WASHINGTON — The Supreme Court ruled Thursday that human genes cannot be patented, a decision with both immediate benefits for some breast and ovarian cancer patients and long-lasting repercussions for biotechnology research.
The decision represents a victory for cancer patients, researchers and geneticists who claimed that a single company’s patent raised costs, restricted research and sometimes forced women to have breasts or ovaries removed without sufficient facts or second opinions.
But the court held out a lifeline to Myriad Genetics, the company with an exclusive patent on the isolated form of genes that can foretell an increased genetic risk of cancer. The justices said it can patent a type of synthesized DNA that goes beyond extracting the genes from the body.
Justice Clarence Thomas wrote the decision for a unanimous court. “Myriad did not create anything,” Thomas said. “To be sure, it found an important and useful gene, but separating that gene from its surrounding genetic material is not an act of invention.”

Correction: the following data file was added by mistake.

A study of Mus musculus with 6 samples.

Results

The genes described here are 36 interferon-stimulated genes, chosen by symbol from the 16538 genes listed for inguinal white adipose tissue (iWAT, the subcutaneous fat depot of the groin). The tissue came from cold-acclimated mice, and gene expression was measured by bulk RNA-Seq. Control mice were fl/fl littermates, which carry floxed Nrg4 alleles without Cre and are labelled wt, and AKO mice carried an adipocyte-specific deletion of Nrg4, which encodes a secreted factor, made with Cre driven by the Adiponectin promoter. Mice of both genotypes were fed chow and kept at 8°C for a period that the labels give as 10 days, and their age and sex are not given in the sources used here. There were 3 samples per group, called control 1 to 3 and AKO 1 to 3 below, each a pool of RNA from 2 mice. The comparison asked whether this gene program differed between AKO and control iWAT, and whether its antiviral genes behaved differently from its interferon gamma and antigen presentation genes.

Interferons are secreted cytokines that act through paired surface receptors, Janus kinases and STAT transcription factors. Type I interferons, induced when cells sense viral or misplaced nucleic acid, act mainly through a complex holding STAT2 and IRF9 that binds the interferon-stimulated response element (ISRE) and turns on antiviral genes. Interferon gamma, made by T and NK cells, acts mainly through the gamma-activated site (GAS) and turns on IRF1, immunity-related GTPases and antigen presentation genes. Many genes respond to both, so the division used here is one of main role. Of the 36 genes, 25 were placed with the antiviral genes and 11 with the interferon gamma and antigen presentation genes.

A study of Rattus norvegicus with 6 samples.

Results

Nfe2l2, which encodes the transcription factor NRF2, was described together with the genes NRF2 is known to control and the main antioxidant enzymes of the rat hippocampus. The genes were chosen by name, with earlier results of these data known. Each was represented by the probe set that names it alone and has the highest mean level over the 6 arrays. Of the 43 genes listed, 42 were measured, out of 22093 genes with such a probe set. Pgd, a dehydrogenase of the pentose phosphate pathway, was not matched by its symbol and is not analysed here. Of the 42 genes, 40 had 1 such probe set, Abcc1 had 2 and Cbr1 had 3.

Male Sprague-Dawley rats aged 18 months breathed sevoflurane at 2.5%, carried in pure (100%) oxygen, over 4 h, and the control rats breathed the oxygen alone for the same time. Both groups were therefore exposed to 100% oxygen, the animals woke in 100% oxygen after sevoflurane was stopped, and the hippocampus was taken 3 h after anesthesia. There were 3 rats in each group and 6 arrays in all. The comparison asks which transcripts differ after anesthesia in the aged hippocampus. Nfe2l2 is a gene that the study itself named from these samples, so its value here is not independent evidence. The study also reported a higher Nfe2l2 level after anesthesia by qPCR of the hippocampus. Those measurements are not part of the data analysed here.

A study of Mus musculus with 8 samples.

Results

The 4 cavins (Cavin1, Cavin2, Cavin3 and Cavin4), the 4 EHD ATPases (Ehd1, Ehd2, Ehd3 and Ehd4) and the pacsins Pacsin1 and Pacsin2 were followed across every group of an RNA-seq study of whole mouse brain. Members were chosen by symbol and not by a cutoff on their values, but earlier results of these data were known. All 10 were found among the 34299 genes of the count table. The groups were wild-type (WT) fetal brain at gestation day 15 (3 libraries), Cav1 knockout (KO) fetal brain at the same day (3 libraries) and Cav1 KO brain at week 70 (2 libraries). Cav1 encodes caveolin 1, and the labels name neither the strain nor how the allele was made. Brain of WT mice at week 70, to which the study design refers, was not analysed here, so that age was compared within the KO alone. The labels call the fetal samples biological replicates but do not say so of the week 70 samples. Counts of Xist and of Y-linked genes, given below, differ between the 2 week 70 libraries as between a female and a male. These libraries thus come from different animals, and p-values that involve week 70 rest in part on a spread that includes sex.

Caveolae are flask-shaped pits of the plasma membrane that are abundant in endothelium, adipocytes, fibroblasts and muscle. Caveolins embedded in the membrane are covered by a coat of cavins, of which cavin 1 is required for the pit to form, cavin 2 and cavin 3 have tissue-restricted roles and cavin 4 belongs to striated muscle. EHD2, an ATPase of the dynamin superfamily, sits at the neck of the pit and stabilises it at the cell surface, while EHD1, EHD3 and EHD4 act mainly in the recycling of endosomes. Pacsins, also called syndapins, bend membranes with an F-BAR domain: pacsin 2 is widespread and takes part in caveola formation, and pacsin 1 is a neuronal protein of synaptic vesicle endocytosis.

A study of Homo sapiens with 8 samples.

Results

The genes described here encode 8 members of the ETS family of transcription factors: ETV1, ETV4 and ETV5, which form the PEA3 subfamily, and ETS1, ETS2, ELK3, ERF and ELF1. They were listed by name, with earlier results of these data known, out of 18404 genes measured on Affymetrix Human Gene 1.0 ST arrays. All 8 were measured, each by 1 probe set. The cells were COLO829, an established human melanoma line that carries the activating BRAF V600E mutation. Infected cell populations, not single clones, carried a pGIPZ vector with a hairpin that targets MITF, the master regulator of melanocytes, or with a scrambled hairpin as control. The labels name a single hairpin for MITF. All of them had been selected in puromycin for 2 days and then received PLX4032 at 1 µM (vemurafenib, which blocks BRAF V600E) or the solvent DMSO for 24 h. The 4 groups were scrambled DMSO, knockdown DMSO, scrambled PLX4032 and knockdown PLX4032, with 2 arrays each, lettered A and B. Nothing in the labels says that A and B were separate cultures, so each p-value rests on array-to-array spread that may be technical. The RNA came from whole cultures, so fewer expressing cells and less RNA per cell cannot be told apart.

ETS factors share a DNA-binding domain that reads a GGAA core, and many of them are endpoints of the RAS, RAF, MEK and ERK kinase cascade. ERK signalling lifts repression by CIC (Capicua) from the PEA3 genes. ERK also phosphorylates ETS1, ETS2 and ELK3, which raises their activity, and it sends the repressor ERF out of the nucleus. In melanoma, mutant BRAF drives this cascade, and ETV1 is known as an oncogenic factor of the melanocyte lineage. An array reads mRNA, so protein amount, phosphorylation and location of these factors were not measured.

The decision will allow other scientists and laboratories to provide genetic diagnostic testing, now that the patent on the BRCA1 and BRCA2 genes themselves has been lifted. That should lead to lower costs and greater access.
“It is splendid news for patients, for physicians, for scientists and for common sense,” Mary-Claire King, the geneticist who in 1990 discovered the abnormality on chromosome 17 that proved to be the breast cancer gene, told USA TODAY. “The marketplace will now be open.”
Myriad emphasized the bright side of the decision for the company — that cDNA, which is not naturally occurring, remains patentable. As a result, it said, 24 patents containing more than 500 valid claims remain in effect.
According to the report, this Supreme Court ruling invalidates “thousands of patents”.
Since 1984, the U.S. Patent and Trademark Office has granted more than 40,000 patents tied to genetic material. About one-fourth of the 22,000 human genes have been patented — patents that are now invalidated. That could open up competition in genetic testing for diseases ranging from Duchenne muscular dystrophy to inheritable heart arrhythmia.
Still, the bulk of the biotechnology industry’s products are not affected by the ruling, said Lawrence Brody of the National Human Genome Research Institute.